Monthly Archives: April 2012

2012 Picture of the Week (17/52) – Tsutsuji after the rain

As spring continues, everything is growing incredibly fast. Within the past week, grass has grown quite long, trees have grown a lot of leaves, and many flowers have bloomed. This is probably the most beautiful time of spring. After the rain, everything is very fresh. I took this picture of a Tsutsuji flower, a type of rhododendron, in a park near my home.

A beautiful pink tsutsuji rhododendron flower.


2012 Picture of the Week (16/52) – Signs of spring

It’s definitely spring now. I love this time of year, not only because of the comfortable weather in the low 20s, but also because of the fresh new leaves and plant growth. The bright green colour is wonderful. Here are some interesting flowers surrounded by green.


2012 Picture of the Week (15/52) – Miniature Pirate Ship?

On Friday, my wife, daughter and I were on Enoshima.  We went to the Enoshima Yacht Harbour and saw many yachts in the docks.  There was one yacht that caught our attention.  It almost looked like a small version of a pirate ship.  My wife said it looked cool.  Take a look!

Is it a tiny pirate ship, or just a unique yacht painted black? But look at that mast!


Exploring Japan: Shinyokohama Raumen Museum – February 28, 2010

More than 2 years ago, I visited the Shinyokohama Raumen Museum (spelling is correct), or 新横浜ラーメン博物館 in Shin-Yokohama.  This museum is dedicated to ramen, the very popular Chinese noodle dish that is now quite Japanese.  This museum has branches of some of the most popular ramen restaurants from around Japan, giving you the opportunity to try 9 different kinds of ramen in one day.  You can go to just one restaurant for a full bowl, or you can try samples from each place.  There is also a cafe and bar, a drink bar, and a souvenir shop that sells many kinds of ramen, including instant ramen.

The museum has 3 floors.  The main floor has the entrance, exhibition and souvenir shop.  The entrance is like entering a train station with ticket gates and ticket attendants.  The rest of the museum is on the 2 basement floors.  It’s designed to look like an old-fashioned train station, where many ramen restaurants could be found.  Even today, train platforms in busy stations have ramen, udon or soba restaurants for the busy commuter.  Walking around the museum can be a bit of a challenge, because it’s very crowded, with many people waiting outside each restaurant.  Some parts of the museum are a bit narrow, but the atmosphere is like an old-fashioned 1950s neighbourhood.

It’s 300 yen for adults to enter, and each adult is expected to order at least one bowl of ramen.  3 month and yearly passes are available for 500 and 800 yen respectively, which is extremely reasonable.  Many people return to the museum frequently to have their favourite ramen.

I took a few pictures from my old iPhone in the museum, but no pictures are allowed in the restaurants.  This is what I managed to take.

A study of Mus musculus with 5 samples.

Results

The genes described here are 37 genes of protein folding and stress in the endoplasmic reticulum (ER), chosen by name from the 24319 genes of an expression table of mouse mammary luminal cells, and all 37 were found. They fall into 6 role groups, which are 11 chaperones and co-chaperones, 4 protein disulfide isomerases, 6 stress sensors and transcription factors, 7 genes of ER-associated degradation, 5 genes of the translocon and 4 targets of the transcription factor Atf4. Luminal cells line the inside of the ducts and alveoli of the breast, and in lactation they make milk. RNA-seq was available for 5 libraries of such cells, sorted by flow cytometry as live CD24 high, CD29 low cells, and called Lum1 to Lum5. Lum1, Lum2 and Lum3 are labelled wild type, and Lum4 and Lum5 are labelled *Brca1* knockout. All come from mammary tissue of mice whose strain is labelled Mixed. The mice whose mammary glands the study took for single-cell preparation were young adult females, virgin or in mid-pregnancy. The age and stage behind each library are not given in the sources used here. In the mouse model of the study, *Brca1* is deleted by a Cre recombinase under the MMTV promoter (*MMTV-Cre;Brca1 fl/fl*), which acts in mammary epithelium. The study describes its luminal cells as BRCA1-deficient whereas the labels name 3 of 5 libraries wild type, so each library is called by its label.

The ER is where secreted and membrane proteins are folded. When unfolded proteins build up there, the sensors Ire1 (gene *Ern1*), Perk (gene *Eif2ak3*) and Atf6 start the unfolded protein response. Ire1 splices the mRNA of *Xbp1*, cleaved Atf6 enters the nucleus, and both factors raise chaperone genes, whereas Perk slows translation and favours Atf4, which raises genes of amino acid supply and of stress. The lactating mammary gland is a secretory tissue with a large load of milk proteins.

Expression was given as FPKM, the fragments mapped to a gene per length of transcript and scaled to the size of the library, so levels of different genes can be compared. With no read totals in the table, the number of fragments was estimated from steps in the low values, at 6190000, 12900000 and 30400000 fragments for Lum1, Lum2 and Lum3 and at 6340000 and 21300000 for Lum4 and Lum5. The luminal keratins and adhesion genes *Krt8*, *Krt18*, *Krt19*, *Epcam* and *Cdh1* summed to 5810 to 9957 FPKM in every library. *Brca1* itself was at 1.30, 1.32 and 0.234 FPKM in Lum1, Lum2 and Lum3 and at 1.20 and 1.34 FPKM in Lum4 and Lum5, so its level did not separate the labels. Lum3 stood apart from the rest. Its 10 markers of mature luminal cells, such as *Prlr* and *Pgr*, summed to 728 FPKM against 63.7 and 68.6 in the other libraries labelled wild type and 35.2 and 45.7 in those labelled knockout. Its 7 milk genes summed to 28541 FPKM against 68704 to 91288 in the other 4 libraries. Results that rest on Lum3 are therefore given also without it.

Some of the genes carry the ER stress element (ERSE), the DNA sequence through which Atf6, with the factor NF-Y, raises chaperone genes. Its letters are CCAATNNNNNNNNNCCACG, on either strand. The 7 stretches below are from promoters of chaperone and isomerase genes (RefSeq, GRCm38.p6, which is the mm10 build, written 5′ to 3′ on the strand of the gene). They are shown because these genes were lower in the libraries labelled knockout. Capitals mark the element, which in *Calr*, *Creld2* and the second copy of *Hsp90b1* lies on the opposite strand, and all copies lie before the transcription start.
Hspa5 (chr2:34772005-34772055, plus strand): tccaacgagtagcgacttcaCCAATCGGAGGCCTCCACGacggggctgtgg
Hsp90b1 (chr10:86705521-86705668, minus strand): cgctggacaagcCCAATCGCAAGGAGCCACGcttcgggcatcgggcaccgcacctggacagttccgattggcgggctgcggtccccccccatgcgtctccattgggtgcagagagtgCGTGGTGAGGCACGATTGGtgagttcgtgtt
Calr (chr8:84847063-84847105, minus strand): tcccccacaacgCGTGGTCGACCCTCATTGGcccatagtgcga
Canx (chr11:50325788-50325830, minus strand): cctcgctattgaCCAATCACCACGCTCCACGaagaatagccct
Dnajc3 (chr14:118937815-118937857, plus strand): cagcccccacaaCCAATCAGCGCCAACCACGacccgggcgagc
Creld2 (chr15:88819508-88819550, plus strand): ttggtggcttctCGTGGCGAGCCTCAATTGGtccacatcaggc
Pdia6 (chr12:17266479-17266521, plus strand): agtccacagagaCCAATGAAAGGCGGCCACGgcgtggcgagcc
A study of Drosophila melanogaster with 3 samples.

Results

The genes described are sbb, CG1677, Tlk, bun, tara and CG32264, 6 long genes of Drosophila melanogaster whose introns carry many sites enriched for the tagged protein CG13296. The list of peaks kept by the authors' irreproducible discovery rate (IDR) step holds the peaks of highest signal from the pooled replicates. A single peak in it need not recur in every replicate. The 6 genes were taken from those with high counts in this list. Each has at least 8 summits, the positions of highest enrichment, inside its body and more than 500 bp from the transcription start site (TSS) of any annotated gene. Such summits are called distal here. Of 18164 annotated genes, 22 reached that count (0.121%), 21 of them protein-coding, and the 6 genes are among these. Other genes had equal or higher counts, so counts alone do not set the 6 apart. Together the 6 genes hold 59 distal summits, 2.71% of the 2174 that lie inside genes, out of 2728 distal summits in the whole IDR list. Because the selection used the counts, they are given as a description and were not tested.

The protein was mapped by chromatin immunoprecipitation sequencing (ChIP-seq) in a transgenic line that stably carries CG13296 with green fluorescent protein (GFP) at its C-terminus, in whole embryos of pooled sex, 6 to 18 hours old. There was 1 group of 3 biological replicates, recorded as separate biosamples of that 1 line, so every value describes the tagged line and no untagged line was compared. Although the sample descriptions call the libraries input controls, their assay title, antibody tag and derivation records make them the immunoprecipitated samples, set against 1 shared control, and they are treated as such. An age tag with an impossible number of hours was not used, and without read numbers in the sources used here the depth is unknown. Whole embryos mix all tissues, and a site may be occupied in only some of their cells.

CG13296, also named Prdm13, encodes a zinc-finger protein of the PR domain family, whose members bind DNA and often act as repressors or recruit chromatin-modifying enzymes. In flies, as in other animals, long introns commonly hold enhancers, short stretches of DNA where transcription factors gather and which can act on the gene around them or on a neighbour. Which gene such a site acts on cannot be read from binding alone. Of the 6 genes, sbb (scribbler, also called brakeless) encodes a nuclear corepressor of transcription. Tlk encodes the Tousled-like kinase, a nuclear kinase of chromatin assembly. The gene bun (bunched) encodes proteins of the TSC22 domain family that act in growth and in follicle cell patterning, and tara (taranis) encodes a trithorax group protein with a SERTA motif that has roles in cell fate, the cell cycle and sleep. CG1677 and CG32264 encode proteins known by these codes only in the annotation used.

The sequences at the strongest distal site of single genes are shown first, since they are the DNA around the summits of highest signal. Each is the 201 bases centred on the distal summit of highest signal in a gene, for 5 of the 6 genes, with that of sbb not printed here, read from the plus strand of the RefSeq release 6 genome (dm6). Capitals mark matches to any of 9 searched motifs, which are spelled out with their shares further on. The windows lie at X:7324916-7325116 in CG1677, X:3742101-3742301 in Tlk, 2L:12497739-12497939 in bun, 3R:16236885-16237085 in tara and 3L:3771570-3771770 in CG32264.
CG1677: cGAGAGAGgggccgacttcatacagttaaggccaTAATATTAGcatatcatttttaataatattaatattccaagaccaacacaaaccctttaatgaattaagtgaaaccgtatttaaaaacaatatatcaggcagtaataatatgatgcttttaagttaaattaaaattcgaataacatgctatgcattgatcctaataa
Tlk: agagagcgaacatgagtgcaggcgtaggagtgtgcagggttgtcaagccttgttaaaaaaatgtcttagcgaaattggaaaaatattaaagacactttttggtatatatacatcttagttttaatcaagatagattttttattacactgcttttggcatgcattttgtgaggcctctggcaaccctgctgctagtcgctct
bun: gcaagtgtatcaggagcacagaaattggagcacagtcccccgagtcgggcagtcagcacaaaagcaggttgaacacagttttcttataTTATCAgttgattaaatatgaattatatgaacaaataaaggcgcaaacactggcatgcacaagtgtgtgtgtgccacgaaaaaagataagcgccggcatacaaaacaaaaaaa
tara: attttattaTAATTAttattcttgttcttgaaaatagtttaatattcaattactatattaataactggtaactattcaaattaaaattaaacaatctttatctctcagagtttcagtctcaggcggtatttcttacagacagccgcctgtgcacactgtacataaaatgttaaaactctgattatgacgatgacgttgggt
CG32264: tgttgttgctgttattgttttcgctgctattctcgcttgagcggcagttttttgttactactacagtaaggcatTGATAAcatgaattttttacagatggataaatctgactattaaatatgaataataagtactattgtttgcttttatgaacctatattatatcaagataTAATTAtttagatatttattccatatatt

Looking down at the lower level of the museum. I took this picture just after entering the basement.

Looking up from the lower level of the museum, it's much like an old station neighbourhood.

Waiting in line for a restaurant in one of the narrow "streets" on the upper basement floor.

I only tried one restaurant, and now that I look at the website, it was replaced last year by another restaurant.  However, it seems the ramen is similar.

If you love ramen, and you’re willing to spend a few hours waiting for 9 different kinds of ramen, then this is a great place to visit.


Sunset at Shonan Beach

Last Friday, we walked down to the beach along the Hikiji River in Fujisawa.  We arrived at the beach near sunset, so we were treated to a wonderful display of the sun setting behind Mt Fuji.  Enjoy the pictures!

This was taken from a pedestrian bridge. Mt Fuji was visible, but due to the brightness of the sun, it overwhelmed my iPhone camera.

Looking a little farther north, you can see the Tanzawa Mountains and the Hikiji River.

Looking southeast, Enoshima was visible.

After crossing the pedestrian bridge, we looked west toward Mt Fuji. Again, you can't see it in this photo.

Mt Fuji is beginning to become visible.

Looking over to Enoshima, there are a lot of surfers in the water.

From the beach, I took this great shot of Enoshima.

The sun is beginning to go behind Mt Fuji in this shot.

I love the colours in this photo.

Zooming in on Mt Fuji a bit. Great shot.

Nice colours in this one. The sun has now gone behind Mt Fuji.

One final look at Mt Fuji, now that the sun has gone completely behind it.

We were quite fortunate that we arrived at the beach at this time, and that the clouds weren’t obstructing our view.  It was amazing to see!


2012 Picture of the Week (14/52) – Cherry blossoms in Fujisawa

Cherry blossoms were late to bloom this year due to the colder than usual winter and early spring. But they finally bloomed! I took this picture yesterday at Hikijigawa Shinsui Park (引地川親水公園) along the Hikiji River. Unfortunately, rain later this week will likely end the short cherry blossom season.

The cherry trees were blooming between 20 and 80% yesterday. Not full bloom yet.